Re: Accept-Charset support
On Mon, 9 Dec 1996, Klaus Weide wrote:
> On Sun, 8 Dec 1996, Keld J&o/rn Simonsen wrote:
> > Koen Holtman writes:
> > > But skimming the UTF-8 specification, I gather that UTF-8 is an encoding
> > > mechanism, not a character set.
> > Well, no. UTF8 is an encoding of characters. It implies the character
> > repertoire of ISO 10646. So it is a charset in MIME sense, including
> > the specific character definitions of 10646.
> If that is taken seriously, then "Accept-Charset: utf-8" cannot be used
> to just send information about what character encoding a client can
> decode. It implies that (at least when sent in the encoding of utf-8)
> all characters from the 10646 repertoire are acceptable.
Yes, all characters are acceptable up to the level of acceptability
that the HTML I18N spec requires. Which is not very much.
> It seems predictable that e.g. "Accept-Charset: koi8-r,iso-8859-1,utf-8"
> will be used to indicate "documents containing characters which are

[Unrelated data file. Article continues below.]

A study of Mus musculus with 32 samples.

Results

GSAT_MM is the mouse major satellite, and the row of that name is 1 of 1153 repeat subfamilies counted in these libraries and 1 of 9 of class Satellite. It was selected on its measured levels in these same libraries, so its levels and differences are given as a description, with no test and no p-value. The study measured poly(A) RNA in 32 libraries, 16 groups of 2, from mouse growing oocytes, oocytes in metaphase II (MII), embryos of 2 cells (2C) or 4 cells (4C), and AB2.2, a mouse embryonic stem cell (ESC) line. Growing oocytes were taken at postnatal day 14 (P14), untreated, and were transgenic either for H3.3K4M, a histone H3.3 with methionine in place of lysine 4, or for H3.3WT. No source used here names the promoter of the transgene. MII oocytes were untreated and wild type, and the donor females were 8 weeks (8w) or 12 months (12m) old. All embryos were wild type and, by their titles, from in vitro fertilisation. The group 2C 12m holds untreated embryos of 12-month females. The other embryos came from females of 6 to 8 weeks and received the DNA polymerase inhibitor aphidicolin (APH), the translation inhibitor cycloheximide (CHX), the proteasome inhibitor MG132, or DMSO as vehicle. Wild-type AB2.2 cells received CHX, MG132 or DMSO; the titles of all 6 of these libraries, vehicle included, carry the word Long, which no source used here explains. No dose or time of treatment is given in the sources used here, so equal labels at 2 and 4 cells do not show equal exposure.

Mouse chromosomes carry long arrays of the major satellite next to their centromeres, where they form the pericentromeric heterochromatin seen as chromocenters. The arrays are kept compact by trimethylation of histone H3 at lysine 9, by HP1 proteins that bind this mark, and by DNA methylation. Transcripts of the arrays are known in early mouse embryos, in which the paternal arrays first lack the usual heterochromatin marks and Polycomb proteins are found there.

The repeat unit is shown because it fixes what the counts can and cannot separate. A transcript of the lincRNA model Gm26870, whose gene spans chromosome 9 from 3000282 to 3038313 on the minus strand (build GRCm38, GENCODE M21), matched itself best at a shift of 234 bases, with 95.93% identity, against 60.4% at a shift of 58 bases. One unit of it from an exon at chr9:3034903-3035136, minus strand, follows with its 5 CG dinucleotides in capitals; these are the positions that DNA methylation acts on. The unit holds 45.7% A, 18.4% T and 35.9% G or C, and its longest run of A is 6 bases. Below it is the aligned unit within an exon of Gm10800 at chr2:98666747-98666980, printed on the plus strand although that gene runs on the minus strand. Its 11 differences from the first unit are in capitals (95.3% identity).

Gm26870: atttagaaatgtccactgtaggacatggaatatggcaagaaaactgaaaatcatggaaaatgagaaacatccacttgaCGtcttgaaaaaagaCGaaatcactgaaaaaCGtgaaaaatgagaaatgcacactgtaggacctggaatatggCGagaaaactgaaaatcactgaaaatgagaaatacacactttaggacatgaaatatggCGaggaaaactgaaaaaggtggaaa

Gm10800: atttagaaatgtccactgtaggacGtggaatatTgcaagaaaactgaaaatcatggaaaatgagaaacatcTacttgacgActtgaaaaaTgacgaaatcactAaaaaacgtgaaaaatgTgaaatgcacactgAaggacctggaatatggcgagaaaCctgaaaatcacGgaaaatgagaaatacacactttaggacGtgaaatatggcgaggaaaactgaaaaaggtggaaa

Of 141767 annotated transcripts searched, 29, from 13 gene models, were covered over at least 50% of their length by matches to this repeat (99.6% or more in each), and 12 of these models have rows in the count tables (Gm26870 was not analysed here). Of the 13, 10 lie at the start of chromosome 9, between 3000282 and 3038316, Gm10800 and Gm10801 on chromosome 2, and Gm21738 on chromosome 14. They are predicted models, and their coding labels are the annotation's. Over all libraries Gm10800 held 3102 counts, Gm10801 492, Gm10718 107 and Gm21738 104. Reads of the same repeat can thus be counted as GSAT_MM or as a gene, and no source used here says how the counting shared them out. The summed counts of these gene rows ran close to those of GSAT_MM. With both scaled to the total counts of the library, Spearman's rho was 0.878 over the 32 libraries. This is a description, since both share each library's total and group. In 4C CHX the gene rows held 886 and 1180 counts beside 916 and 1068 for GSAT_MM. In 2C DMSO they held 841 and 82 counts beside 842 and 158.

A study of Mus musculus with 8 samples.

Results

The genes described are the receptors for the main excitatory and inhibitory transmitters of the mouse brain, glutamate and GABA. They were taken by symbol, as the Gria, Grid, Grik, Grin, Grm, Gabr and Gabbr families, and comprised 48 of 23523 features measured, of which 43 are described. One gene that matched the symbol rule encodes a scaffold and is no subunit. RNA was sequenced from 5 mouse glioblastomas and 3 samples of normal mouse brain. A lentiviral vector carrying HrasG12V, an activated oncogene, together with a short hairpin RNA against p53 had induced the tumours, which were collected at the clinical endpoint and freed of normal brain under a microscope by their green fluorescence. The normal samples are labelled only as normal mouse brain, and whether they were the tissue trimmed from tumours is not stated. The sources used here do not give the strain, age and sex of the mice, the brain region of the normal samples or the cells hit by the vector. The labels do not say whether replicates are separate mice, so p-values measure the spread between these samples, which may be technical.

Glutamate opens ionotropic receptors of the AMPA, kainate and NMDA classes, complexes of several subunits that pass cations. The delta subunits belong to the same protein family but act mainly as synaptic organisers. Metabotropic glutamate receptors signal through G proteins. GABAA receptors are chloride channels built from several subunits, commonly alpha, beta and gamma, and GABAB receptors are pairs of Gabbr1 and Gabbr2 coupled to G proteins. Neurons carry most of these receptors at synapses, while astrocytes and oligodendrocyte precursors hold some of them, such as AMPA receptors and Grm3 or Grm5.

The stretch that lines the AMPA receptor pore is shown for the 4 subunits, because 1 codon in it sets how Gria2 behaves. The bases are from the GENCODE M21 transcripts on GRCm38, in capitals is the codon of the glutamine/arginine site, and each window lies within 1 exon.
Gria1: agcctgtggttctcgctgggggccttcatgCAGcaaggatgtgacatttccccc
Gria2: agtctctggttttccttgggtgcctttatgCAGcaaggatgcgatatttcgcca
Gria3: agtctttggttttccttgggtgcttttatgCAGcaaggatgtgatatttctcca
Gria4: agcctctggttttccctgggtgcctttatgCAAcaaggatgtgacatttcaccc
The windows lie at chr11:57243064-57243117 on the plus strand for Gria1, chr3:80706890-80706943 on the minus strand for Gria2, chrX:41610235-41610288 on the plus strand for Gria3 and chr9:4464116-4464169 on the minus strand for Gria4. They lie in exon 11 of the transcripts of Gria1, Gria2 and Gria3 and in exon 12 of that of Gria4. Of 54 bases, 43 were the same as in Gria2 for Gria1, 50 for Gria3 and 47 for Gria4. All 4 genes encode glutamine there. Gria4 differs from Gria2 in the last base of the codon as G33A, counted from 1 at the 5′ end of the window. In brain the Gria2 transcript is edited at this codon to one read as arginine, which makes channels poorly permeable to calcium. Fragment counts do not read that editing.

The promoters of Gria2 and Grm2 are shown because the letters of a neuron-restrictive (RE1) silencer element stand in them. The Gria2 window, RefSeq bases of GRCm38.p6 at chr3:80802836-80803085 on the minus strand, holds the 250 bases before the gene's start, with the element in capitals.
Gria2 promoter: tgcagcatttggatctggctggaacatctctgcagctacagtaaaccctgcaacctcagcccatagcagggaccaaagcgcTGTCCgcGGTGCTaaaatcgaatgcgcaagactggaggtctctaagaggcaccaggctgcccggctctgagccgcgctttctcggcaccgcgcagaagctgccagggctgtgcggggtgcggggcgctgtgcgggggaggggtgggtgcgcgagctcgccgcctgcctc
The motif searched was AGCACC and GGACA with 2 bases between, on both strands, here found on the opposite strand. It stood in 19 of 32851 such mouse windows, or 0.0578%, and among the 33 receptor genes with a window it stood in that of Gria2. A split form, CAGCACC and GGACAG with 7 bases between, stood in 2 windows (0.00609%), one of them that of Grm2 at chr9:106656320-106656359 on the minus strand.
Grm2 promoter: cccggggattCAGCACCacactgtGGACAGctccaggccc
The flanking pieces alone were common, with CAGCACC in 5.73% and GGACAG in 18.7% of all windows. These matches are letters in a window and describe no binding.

> also in koi8-r and latin-1 characters are acceptable in utf-8 encoding",
> because there is currently no better way to express that (other than
> maybe with language tags, which has other problems already mentioned:
> e.g. transliteration/transcription, languages that do not imply exactly
> one character repertoire).
There is no real need to express subrepertoiries.
> This is of course not specific to HTTP or the Web, protocols without
> negotiation like mail need charset labelling. A simple MIME compliant
> MUA should have sufficient information from message headers to dispatch
> to the appropriate viewer. In the pre-UTF era this was reliably possible
> e.g. with metamail (given the correct charset parameter and availability of
> appropriate codepage). With messages labelled "utf-8", heuristics have to
> be involved.
The concept of having a different viewer for every "charset" is still
widespread, but rather outdated and doomed. For a network computer
running Java, being able to display all of Unicode/ISO 10646 is
just a must. It might be a pain for older and more expensive
technology to follow, but that's their problem, not ours.